Of the 274 Direct-Landfall Hurricanes Recorded in US, Only 34% Have Been Category 3 or Higher

By Susan Jones | August 25, 2017 | 9:14am EDT
Hurricane Harvey approaches Central Texas on Friday, Aug. 25, 2017 (Photo: NOAA)

(CNSNews.com) - Major hurricanes, defined as Category 3 or higher, have made direct landfall in the continental United States in every decade since 1851, except for the present decade. That may change tonight.

Since 1851, when the government started keeping records, 274 hurricanes have made direct landfall in the continental United States (see note below), according to data provided by the National Oceanic and Atmospheric Administration.

Of those 274 direct-landfall hurricanes, only 94, or 34.30 percent, have been "major" storms, defined as Category 3 or higher, with winds at or above 111 miles an hour.

If predictions come true,  Hurricane Harvey will be among this group when it reaches land in central Texas late tonight or early Saturday. It is then predicted to stall out and produce record rainfall.

According to NOAA, since records began in 1851:

-- Three hurricanes, or 1.09 percent, were "catastrophic" Category 5s (winds of 157 mph or higher). These include Andrew (Florida) in August 1992; Camille (Louisiana and Mississippi) in August 1969; and an unnamed Labor Day storm in Florida in September 1935.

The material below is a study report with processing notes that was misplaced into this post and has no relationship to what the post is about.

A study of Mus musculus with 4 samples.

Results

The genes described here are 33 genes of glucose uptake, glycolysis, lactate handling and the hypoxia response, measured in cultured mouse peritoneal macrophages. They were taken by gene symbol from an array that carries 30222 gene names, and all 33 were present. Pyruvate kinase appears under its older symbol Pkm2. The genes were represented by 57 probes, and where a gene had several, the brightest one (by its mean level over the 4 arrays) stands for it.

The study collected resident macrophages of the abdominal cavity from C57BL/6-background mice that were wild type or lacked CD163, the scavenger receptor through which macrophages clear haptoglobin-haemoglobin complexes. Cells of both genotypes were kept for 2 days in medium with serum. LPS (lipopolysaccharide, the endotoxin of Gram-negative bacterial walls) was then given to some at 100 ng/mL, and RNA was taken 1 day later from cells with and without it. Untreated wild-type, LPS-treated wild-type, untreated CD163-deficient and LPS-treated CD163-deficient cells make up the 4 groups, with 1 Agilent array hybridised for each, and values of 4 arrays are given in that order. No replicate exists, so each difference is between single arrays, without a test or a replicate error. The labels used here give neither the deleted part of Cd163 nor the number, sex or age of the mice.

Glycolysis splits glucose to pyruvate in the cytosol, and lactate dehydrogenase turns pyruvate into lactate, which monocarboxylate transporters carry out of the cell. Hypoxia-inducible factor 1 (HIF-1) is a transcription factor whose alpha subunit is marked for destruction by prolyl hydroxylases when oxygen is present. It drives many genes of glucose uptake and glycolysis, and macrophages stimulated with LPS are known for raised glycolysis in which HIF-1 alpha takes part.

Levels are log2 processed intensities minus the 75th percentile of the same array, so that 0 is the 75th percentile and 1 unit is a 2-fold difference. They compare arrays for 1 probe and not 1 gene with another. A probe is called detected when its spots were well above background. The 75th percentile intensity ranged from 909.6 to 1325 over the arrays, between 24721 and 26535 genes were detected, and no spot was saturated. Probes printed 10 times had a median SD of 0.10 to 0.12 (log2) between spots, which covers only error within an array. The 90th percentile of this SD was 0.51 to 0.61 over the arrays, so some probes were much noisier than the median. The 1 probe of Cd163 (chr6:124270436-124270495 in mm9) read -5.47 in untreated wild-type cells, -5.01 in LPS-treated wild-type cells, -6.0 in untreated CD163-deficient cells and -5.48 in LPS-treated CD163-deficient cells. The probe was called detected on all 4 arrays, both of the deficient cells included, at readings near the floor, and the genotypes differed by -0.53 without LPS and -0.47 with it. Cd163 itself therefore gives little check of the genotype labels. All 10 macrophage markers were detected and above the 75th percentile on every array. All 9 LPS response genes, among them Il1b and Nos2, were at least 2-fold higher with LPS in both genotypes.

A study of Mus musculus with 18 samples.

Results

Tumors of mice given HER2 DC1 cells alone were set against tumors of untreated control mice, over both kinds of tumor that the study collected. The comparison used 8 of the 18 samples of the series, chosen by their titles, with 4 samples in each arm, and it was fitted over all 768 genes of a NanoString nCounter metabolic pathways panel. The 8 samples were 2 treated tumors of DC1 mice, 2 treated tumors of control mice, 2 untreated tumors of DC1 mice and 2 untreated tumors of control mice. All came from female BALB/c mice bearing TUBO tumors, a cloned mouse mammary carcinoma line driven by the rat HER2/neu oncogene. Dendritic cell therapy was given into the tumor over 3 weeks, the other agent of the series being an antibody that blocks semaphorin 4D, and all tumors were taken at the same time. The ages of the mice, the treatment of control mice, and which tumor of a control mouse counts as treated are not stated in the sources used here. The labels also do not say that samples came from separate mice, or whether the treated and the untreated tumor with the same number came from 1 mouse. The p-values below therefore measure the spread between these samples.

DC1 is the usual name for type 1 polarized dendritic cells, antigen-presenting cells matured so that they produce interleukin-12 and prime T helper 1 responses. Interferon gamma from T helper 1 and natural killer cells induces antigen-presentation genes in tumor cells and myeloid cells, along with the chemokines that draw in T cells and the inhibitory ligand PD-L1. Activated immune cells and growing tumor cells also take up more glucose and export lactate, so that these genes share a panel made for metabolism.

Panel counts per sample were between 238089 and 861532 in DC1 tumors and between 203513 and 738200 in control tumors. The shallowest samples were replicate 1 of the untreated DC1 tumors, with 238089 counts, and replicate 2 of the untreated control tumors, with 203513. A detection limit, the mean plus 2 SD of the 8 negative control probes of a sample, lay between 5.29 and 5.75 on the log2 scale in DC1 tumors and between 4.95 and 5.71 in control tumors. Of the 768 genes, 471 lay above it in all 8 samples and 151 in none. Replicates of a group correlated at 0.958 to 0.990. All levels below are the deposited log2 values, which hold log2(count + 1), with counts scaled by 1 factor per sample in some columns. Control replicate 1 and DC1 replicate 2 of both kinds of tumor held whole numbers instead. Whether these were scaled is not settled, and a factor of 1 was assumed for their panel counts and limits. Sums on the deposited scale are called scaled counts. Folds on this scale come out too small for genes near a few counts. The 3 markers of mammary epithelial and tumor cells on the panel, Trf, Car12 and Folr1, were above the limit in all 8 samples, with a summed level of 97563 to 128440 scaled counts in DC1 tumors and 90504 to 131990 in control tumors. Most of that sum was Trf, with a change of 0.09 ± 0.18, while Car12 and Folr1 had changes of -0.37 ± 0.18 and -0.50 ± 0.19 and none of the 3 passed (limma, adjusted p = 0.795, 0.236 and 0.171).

-- Eighteen (6.56 percent) of the direct-landfall hurricanes were Category 4 (130-156 mph winds), which also produce catastrophic damage. The most recent Category 4 storm was Charley (Florida) in August 2004; and Hugo (South Carolina) in September 1989, which came a full 27 years after the last Category 4 storm (Hurricane Carla in Texas) in September 1961.

-- Seventy-three (26.64 percent) of the 274 direct-landfall hurricanes were "devastating" Category 3 storms (111-129 mph winds). The most recent of these was Wilma, which hit Florida 12 years ago in October 2005. Including Wilma, there were a total of six Category 3 hurricanes in 2004-2005, including Katrina, which devastated New Orleans; Rita, which flooded central Texas; Dennis (Florida), Jeanne (Florida) and Ivan (Alabama-Florida).

-- Seventy-five of the 274 direct-landfall hurricanes (27.37 percent) were "extremely dangerous" Category 2 storms (96-110 mph winds).

-- And 105 (38.32 percent) since 1851 were "very dangerous" Category 1 hurricanes (74-95 mph winds).

(*Note: The 274 direct-landfall number excludes hurricanes that did not make landfall in the continental U.S. but may have produced hurricane-force winds on land from locations offshore; and it excludes four storms that made landfall in Mexico, producing hurricane-force winds in Texas.)